Sophie Pelham: Country Files

The trip from busy Edinburgh to sleepy Wiltshire is down a short flight of stairs and through a door, upon which you’re greeted with complimentary sherry (dry or sweet, your preference) and a few mini sausage rolls. Sophie Pelham’s one-woman show dissects country life, with varying results.

There are some good gags and enough there for a decent show, if some of the deadwood is cast off.

Pelham plays an array of rural characters, from Lord Ponsanby of the manor (slightly racist but, all in all, a bloody good chap!), to young mother of twins, retired model Sulky Waterboat, to a fish-out-of-water cockney fox. Pelham is a decent comic actor with a particular knack for accents, but what lets the show down is the writing. Though it’s all caricatures, even at that the characters are too two-dimensional. Most of their sketches fizzle out, and when they don’t, you can’t help but wondering where the whole thing is going.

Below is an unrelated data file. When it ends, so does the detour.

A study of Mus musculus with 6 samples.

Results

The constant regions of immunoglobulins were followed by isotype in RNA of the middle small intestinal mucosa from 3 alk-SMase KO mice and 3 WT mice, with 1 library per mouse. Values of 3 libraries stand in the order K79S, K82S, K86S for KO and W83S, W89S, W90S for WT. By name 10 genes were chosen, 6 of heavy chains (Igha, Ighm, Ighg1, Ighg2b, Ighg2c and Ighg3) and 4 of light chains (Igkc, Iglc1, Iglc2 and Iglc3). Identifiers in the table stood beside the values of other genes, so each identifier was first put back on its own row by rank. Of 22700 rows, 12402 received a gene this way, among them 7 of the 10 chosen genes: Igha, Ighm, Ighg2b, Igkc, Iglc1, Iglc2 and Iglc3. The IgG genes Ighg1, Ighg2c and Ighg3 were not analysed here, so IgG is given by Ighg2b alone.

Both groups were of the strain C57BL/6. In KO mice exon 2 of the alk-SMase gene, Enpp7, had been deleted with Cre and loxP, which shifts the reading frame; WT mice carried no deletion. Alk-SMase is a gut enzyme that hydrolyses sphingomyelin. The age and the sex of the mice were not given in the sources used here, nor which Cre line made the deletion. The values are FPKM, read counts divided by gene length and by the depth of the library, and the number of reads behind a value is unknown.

One thing that would help immeasurably would be some sort of narrative or through-line for the show. The characters just flit in and out, not one suggesting the arrival of the next or providing much needed continuity or momentum. Fair enough, introducing a narrative arc might mean dropping one or two characters but that would be no bad thing if it gave the show a sense of direction. Also, a backing track for the badger rap (surprisingly good!) would definitely make it one of the show’s stronger sections.

Pelham has great stage presence and is very comfortable interacting with the audience when in character. The overriding sense though is that the piece is still being workshopped. There are some good gags and enough there for a decent show, if some of the deadwood is cast off.


What do UKIP supporting Lord Ponsanby, retired model Sulky Waterboat and alcoholic do-gooder Vanessa the Undresser have in common? Nothing... except a postcode. Character comedian Sophie Pelham (BBC: Miranda, Reggie Perrin) returns to the festival after the 2014 hit, Marigold with a joyous satirical romp through rural village life in all its curtain twitching glory. 'Extremely funny' (Stage), 'Fantastical funny... forcing those who watch to laugh aloud even while squirming within' **** ( **** (Ham & High).